I had this awful habit of taking pregnancy tests so I would get my period. I would be late and then rush out to buy a test just so it would come. It was like my body couldn't cycle through unless I knew for sure I wasn't pregnant.
That was the case on December 8, 2008. I was sitting in disappointment over still not being pregnant after receiving a phone call only days before from my best friend, announcing that she was expecting her first baby. We felt like we were the last of the couples we knew who had not yet conceived. That night I was hormonal and tired and late once again. I took a pregnancy test thinking I would see the all-too familiar negative line, sealing my fate. I would never be a mommy.
Instead, for the first time in my life, I saw a plus sign staring back at me. The day I had hoped and prayed for was here. I was pregnant. I was going to be a mom.
Todd worked late that night and by the time he had come home, I had already run to the store to find something to share the news with him in a special way. I found a Christmasy onesie that looked like a present. It read "Mom and Dad's best gift ever!" I folded it with the pregnancy test inside and put it in a bag for him to open. When the test fell out of the onesie, he saw the news. That beautiful positive sign that we had so ached to see. "Is this you?" He stared at me in disbelief. "Yes, baby. It's me. It's us. It's finally our time."
We both cried. He hugged me, trembling with fear and excitement over what this meant. For him, for me, for us.
Our little boy was delivered by c-section. He had a minor complication that landed him in the NICU for a few days after he was born in July of 2009. His birth was long awaited and full of much rejoicing. Yet with it came with disappointment and heartbreak as it hadn't looked the way that I had hoped for it to. My c-section left me in immense pain, and just trying to walk was excruciating. More than that, I was an emotional wreck still not having yet held my own baby boy in my arms.
The night I was moved into a different room, I had to use the bathroom for the first time. Everything hurt and there was no way I could do my business without Todd's help. As he got me situated, I began to sob. "Was this what you imagined this would be like?" "Is this what you thought was going to happen when you were dating me?!"
I felt exposed, disgusting and gross. I couldn't understand how he could love me enough to do this.
As I sat there on a toilet (A TOILET!), he knelt down in front of me, and cupped my face "Yes. Yes, this is what I imagined when I was dating you. I want to share life with you - all of it. Even these messy parts. This isn't too much for me. I am here for you in this Jennifer."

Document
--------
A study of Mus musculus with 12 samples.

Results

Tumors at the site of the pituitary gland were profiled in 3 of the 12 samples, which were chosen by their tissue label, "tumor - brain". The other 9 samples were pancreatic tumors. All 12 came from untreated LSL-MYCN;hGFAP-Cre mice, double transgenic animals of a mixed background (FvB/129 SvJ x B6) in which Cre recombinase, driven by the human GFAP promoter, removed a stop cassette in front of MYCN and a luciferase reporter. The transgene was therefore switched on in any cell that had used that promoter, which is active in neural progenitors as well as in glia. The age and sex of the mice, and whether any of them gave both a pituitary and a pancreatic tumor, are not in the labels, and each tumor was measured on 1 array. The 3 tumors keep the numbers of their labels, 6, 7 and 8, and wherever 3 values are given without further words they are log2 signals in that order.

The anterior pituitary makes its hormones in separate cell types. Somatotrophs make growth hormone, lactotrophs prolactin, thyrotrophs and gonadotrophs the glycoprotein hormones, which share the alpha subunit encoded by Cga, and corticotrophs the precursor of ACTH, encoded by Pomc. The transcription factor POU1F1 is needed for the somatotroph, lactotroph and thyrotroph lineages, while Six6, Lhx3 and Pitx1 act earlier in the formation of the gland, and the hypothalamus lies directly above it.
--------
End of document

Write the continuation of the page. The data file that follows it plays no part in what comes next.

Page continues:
That was the night I realized how deep his love ran for me. That was the night, one day after the birth of our son, that our love began to really take root.
The journey to becoming parents felt redeeming for us in many ways. It felt like it healed places that were caused by our rocky first year. Struggling some with infertility gave us something to lean on each other for in ways that brought us closer together. Honestly, I wouldn't change that part of our love story for the world. It was a beautiful thing we did together. I was honored to struggle and cry, wait and hope, alongside this man.
Being a mom has been the most humbling experience I have ever known. Tommy lights up our life. His laughter, his wildness, his constant invitations to play, how he lives so alive and vibrantly at this age - all of that makes us want to be more than we are.
His birth created yet another shift in our marriage though. It's interesting how being a parent makes life more rich and full. It's been one of our greatest joys. It's thrilling and rewarding. And yet it wears on us and brings us down at times too. It drains our bank account and our energy and our patience. It takes a toll on how we are able to show up for one another. And inevitably, parenthood seems to come with plenty of opportunities for conflict.
The older Tommy gets, the more I'm curious about what he observes. What does he see Todd and I modeling for him about relationship and marriage and love? What do I want him to learn? What did we learn watching our parents and their marriages? How has that impacted us and how we've been doing life together? What needs to change?
Those questions feel hard to look at. And they are questions that need answers.
Marriage is like that. It makes us question things. It keeps coming again and again, with hard questions.